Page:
Panic in Pittsburgh?
I have always said that if the Steelers (or any other team) go 3-1 for each quarter of the season at worst, the season should be viewed as a positive one. No matter how the wins play out, nobody in their right mind would stress over going 12-4 unless the four losses came consecutively.
The Pittsburgh Steelers are now 0-1-1. How ugly is that to look at? Tying the “rejuvenated” Cleveland Browns to open up the season and getting lit up by Chiefs young emerging pocket passer Patrick Mahomes at home at Heinz Field, probably has the most dedicated Ravens fan scratching their head.
Understand that we’re talking about the Pittsburgh Steelers, the franchise that holds the league’s most Lombardi Trophies (6), a franchise that once won a Super Bowl with the youngest quarterback to do so (Roethlisberger), the franchise to win a Super Bowl with the youngest head coach in Mike Tomlin and a team that has enjoyed an embarrassment of riches on offense that marquees Big Ben, Antonio Brown and Le’Veon Bell.
We’re talking about a franchise whose culture has played into the media’s hands as of late, and has gradually shifted from textbook league bully’s, to egotistical personalities.
But how can a group full of this much emotion, excitement and personality be bad for any franchise you ask? Well, ask Rex Ryan and Pete Carrol how their media driven teams have played out in the past. Sure guys love to play for them, and I’m sure love it even more when a majority of them feel/felt entitled to being a team’s spokesman…but at what point should the show have ended? A question that has to be surfacing around Pittsburgh for Mike Tomlin and the Steelers.
Flashback to last year’s sideline feud between Antonio Brown, and now Browns offensive coordinator, Todd Haley and fast forwarding to this afternoons sideline spat between Brown and Steelers offensive coordinator Randy Fichtner, signals to me, that Mike Tomlin, now in his eleventh year, has allowed a culture of “me guys” instead of “we guys.”
Could it be that Tomlin, the “players coach” has lost control of the team? Maybe the lack of discipline is finally surfacing to the public? It could be both, along with a number of other things, but I make those suggestions confidently, considering AB’s captured tantrums (don’t forget the postgame playoff Facebook Live post from 2017), Bell’s ongoing contract drama, the league’s substance abuse programs familiar faces (Bell, Blount and Bryant) and everything else in between, which seems to come to surface between losses. The bottom line is, there too many issues that aren’t football related, contributing to the narrative of this football team.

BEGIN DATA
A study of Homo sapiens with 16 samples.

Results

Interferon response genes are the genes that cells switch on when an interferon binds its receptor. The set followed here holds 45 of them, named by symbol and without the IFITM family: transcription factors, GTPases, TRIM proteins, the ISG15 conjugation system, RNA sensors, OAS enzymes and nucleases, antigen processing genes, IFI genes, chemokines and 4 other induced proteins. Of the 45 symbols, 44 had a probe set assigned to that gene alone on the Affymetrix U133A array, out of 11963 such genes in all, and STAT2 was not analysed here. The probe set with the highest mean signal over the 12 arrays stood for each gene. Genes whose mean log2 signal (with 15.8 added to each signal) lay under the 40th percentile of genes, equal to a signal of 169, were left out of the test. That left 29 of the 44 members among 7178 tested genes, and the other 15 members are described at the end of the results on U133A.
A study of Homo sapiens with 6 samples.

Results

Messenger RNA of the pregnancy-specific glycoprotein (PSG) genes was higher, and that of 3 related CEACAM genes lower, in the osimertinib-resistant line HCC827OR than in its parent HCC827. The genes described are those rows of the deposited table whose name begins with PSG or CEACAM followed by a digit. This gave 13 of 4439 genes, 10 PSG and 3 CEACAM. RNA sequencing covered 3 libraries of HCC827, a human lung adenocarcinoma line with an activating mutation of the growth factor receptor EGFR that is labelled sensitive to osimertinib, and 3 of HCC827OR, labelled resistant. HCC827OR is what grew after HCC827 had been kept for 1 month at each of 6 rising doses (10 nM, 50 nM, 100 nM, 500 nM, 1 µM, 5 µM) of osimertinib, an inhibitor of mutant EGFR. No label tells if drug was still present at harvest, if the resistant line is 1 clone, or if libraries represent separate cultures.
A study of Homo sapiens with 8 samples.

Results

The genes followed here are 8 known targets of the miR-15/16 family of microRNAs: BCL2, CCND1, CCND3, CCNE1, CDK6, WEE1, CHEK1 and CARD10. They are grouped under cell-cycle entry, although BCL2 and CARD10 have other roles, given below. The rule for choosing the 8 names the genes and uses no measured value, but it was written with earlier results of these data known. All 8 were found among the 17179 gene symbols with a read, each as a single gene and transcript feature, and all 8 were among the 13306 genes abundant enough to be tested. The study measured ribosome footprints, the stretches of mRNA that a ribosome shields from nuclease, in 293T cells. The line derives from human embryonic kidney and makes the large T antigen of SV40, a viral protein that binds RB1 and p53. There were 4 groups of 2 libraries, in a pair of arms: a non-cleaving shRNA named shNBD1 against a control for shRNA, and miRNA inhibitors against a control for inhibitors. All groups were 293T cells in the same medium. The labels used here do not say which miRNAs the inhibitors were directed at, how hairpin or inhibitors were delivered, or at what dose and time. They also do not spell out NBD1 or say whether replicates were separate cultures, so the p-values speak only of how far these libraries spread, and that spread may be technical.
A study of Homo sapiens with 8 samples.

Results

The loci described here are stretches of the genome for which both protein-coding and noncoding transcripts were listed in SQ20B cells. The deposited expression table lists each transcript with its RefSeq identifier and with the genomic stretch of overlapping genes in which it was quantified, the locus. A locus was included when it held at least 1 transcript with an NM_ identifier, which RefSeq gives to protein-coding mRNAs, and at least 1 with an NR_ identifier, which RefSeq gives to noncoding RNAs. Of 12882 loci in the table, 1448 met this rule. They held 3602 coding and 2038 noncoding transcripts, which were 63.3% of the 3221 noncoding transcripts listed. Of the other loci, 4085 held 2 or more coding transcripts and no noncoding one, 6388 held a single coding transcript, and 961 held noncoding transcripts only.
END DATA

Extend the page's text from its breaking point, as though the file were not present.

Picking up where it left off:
Is that a reason to panic this early in the season? Damn right it is. On top of that, Roethlisberger started the season with three interceptions, AB only has 18 receptions on 33 targets, although solid, Bell’s backup is simply a game manager versus a game changer and the defense looks as discombobulated as it did in 2013. The standard of business in the NFL is simply, you cannot play as porous as the defense did and expect to come out with a win, playing from behind or not, no matter how much talent there is on offense.
It’s frustrating to see Fichtner (who is “nice” to Roethlisberger) struggle tremendously with effective offensive play-calling and the fact that defensive coordinator Keith Butler has allowed the defense to give up 63 points in two games, leads me to think he couldn’t draw up a play to stop pedestrians from crossing into oncoming traffic.
It’s been an egregious start to the season from offense and defense to coaching and game planning, but there are however a couple reasons not to panic.
Monday concludes just week two of NFL football…it’s not college football, no loss is detrimental this early in the season, and a couple losses doesn’t drop you from any significant ranking or playoff relevance. The offense is without it’s foundational run support in Bell, Ben can’t shake and take like he used to, there’s nothing that screams height outside of Jessie James for Ben to throw to on the regular and the defense is without their top defensive dog in Shazier…of course there are going to be slow adjustments but when it’s this early, it’s all about finding that rhythm and stride.
I’d like to think the Steelers still run the AFC North, will at worst win 10 games and make the playoffs in good health.
Yes, all the negatives that surround this team play a part into why Steeler Nation has the right to be frustrated, but following the game, respected defensive end Cam Heyward on behalf of the defense and team, vowed to get to work starting in practice while Big Ben said they’d put it behind them. Assurance and relief?
Makes me feel good, but I personally like results. Although the season is just beginning, unless major adjustments are made across the board, this drama plagued Steelers team may be playing through the beginning to an end.